What rules do you have for meetings at work?

A meeting room at work that I haven’t sat in now for over a year

Hands up if you love meetings… nobody?

It’s one of the most common complaints I hear from development teams: “Urgh! We have far too many meetings.” It’s not often true but that is their perception because the meetings felt boring and wasteful.

Meetings don’t have to be like that. I’ve just started reading a book called Meeting Design: For Managers, Makers and Everyone by Kevin M Hoffman (Two Waves Books, 2018) which I’m hoping will help me plan more productive, more meaningful gatherings in the future.

In this post, I offer a few simple rules to help meeting feel more manageable.

What does Scrum say about meetings?

The Scrum Guide outlines four sprint events with some recommendations about timings. Adjusting these for a two-week sprint (the Scrum Guide defaults to month-long sprint) it looks something like this:

  • Sprint planning (4 hours maximum)
  • Daily scrum (9 × 15 minutes, so 2¼ hours maximum as we don’t have a daily scrum on the morning of sprint planning)
  • Sprint review (2 hours maximum)
  • Retrospective (1½ hour maximum)

So, given my current company’s 35-hour week and two-week sprints, that adds up to 9¾ hours in meetings, or nearly 14% of the sprint.

Then there are the other gatherings and workshops that pop up throughout the sprint to clarify things, plan and design, and… other stuff.

Meeting rules

I have found that setting ground rules for meetings can be very helpful. These are based on the rules we created in the digital communications team at the University of St Andrews for use in all meetings outside the standard agile events.

1. Agenda

All meetings must have an agenda with clear objectives. The agenda (and any supporting documentation) must be included in the calendar in Outlook (or other calendar system) so everyone has access to it.

If there is no agenda then the meeting should be cancelled.

Start meetings on time.

2. Attendees

Invite as few people as possible to meetings. The people invited should have a direct relationship to the meeting objectives. If there are people you only need for part of the meeting, where possible, try to arrange the agenda to address their items first.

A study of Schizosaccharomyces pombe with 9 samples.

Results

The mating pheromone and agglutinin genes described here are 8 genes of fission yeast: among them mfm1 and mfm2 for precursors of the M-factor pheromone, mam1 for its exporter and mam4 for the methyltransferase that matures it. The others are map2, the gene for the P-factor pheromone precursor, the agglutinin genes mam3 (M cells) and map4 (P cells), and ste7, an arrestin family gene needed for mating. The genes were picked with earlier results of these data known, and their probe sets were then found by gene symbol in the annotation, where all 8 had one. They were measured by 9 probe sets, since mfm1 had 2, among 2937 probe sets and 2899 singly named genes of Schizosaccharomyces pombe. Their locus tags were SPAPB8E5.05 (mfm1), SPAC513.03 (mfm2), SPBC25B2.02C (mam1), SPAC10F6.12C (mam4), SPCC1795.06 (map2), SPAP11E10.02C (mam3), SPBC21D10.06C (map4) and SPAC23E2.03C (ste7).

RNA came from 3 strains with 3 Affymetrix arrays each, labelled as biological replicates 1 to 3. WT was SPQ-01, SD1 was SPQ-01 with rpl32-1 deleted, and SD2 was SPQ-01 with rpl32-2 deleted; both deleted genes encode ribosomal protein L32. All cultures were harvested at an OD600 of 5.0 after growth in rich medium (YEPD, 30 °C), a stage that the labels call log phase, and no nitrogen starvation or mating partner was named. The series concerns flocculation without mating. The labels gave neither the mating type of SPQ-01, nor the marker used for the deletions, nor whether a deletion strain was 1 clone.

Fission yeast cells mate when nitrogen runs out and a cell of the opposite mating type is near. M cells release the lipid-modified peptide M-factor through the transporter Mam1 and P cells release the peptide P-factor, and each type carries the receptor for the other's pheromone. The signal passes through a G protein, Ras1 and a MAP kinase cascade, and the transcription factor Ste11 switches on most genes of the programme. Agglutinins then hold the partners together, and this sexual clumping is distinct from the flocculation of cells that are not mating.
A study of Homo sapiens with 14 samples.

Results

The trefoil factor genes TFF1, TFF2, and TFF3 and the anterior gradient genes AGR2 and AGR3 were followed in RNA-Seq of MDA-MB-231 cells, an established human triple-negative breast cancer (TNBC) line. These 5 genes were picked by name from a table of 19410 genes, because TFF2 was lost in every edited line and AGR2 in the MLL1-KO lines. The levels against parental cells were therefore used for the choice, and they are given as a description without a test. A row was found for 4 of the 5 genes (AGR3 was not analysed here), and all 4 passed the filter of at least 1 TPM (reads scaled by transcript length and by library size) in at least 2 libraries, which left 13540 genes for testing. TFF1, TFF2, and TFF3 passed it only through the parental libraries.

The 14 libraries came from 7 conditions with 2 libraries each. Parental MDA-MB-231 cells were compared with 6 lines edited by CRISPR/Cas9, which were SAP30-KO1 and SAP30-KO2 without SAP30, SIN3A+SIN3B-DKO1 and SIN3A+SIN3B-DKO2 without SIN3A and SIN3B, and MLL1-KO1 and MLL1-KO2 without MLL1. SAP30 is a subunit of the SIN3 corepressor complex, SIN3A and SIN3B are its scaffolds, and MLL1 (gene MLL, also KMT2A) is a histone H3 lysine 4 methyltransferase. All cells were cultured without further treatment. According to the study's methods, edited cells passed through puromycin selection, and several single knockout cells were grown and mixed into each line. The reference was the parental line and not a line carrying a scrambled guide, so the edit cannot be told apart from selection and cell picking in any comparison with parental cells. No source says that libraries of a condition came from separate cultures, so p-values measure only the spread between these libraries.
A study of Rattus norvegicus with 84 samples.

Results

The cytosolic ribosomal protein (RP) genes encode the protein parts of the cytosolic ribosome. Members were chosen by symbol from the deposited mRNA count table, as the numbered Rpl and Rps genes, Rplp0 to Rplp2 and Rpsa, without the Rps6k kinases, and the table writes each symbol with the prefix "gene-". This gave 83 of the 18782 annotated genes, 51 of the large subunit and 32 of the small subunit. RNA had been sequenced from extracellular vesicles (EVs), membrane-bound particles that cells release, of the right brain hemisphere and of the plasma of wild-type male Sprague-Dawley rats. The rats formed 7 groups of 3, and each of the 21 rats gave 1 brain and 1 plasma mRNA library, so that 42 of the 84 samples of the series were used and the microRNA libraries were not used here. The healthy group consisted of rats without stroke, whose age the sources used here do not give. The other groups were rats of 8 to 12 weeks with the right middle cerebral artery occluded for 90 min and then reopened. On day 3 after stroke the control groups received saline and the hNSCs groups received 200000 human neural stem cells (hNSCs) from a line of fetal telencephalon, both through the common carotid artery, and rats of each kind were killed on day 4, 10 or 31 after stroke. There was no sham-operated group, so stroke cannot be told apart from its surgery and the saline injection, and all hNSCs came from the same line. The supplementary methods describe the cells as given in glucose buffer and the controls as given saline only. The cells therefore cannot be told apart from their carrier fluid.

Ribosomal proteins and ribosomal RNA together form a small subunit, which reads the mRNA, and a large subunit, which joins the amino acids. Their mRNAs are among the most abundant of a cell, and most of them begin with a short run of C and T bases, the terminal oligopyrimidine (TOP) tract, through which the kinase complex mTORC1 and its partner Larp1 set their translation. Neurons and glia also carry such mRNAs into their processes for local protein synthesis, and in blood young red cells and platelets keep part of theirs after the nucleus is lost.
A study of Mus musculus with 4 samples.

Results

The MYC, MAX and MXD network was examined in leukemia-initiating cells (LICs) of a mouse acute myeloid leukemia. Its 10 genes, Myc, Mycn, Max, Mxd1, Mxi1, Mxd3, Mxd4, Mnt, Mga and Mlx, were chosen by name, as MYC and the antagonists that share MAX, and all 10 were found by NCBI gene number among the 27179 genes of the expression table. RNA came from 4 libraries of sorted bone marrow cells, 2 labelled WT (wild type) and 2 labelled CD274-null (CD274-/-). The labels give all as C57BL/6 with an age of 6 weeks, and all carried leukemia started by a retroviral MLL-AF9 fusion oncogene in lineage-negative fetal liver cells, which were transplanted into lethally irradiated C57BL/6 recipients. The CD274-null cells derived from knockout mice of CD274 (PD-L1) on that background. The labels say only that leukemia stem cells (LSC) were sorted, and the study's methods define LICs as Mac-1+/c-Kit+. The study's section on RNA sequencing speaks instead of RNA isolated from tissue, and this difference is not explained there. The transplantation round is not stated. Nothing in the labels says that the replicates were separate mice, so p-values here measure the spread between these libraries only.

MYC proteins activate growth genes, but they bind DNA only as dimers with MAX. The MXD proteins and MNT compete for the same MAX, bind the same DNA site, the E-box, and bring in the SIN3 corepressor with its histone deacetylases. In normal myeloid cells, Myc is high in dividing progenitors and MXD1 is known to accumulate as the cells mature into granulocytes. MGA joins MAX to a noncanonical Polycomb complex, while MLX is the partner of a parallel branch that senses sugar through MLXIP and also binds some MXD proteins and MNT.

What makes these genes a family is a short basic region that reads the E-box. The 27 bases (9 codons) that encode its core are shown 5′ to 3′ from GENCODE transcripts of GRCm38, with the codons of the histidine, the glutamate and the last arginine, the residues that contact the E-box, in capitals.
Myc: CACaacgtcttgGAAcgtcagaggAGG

3. Duration

Meetings should be 30 minutes’ long. You must justify through the agenda to extend the meeting to 45 minutes or 60 minutes; anything longer should probably be regarded as a workshop.

Timebox all meetings. Set a timer. When the timer goes off, the meeting ends.

4. Location

The location must be appropriate for the kind of meeting being held. It must have enough seats and contain the right equipment (e.g. data projector, screen, whiteboard, etc.). If you can, get there early and set up any equipment before the meeting begins.

Obviously, in these days of online meetings everything is being done on Zoom, Microsoft Teams or Cisco Webex, etc. Consider whether webcams should be used—these can be useful to switch on at the start of the meeting while people are gathering and checking in with each other but it can help to switch them off when the meeting begins.

5. Tasks

All meetings should produce actionable tasks (or those tasks must have been done during the meeting). These actions must be SMART (specific, measurable, achievable, relevant and time-bound) and someone must be responsible for each action. Make a decision about who needs to be informed about these tasks being completed, when and how.

6. Permission to leave

In meetings you have permission to leave if you have nothing further to add (this also goes for post-daily-stand-up discussions). Check with the other attendees before leaving, “Do you think you’ll need me for the rest of the meeting?” If they do need you later, they can always call you back in.

7. End

Meetings may end as soon as the objective(s) have been reached. The meeting does not need to fill the time available.

Don’t interrupt deep work

It is also worth considering when meetings are held. Knowledge workers need time to get into a state of flow, what computer scientist Professor Cal Newport calls deep work. This is when they are most productive and can remain in that state, if uninterrupted, for a few hours.

It makes sense, then, to schedule meetings at times when it won’t interrupt a developer’s most productive time of the day (you’ll need to figure out from your own team when that might be).

For example, if you have a stand-up meeting from 10:15 to 10:30 and schedule a refinement meeting at 11:00 there isn’t enough time for any of the developers to get stuck into anything complex during the intervening half-an-hour, so it may be best to move the refinement meeting to 10:30.

Better engagement

In my team at St Andrews, these rules improved engagement and energy in meetings. The right people were in the room, they had clarity about why they were there and what contribution they could make, they had supporting documentation up front, and were empowered to make decisions during the meeting about when to leave.

Feel free to use or adjust these meeting rules in your own teams.

Published by

Gareth Saunders

I’m Gareth J M Saunders, 49 years old, 6′ 4″, father of 3 boys (including twins). Enneagram type FOUR and introvert (INFP), I am a non-stipendiary priest in the Scottish Episcopal Church, I sing with the NYCGB alumni choir, play guitar, play mahjong, write, draw and laugh… Scrum master. Latterly, web architect and agile project manager at the University of St Andrews and former warden at Agnes Blackadder Hall.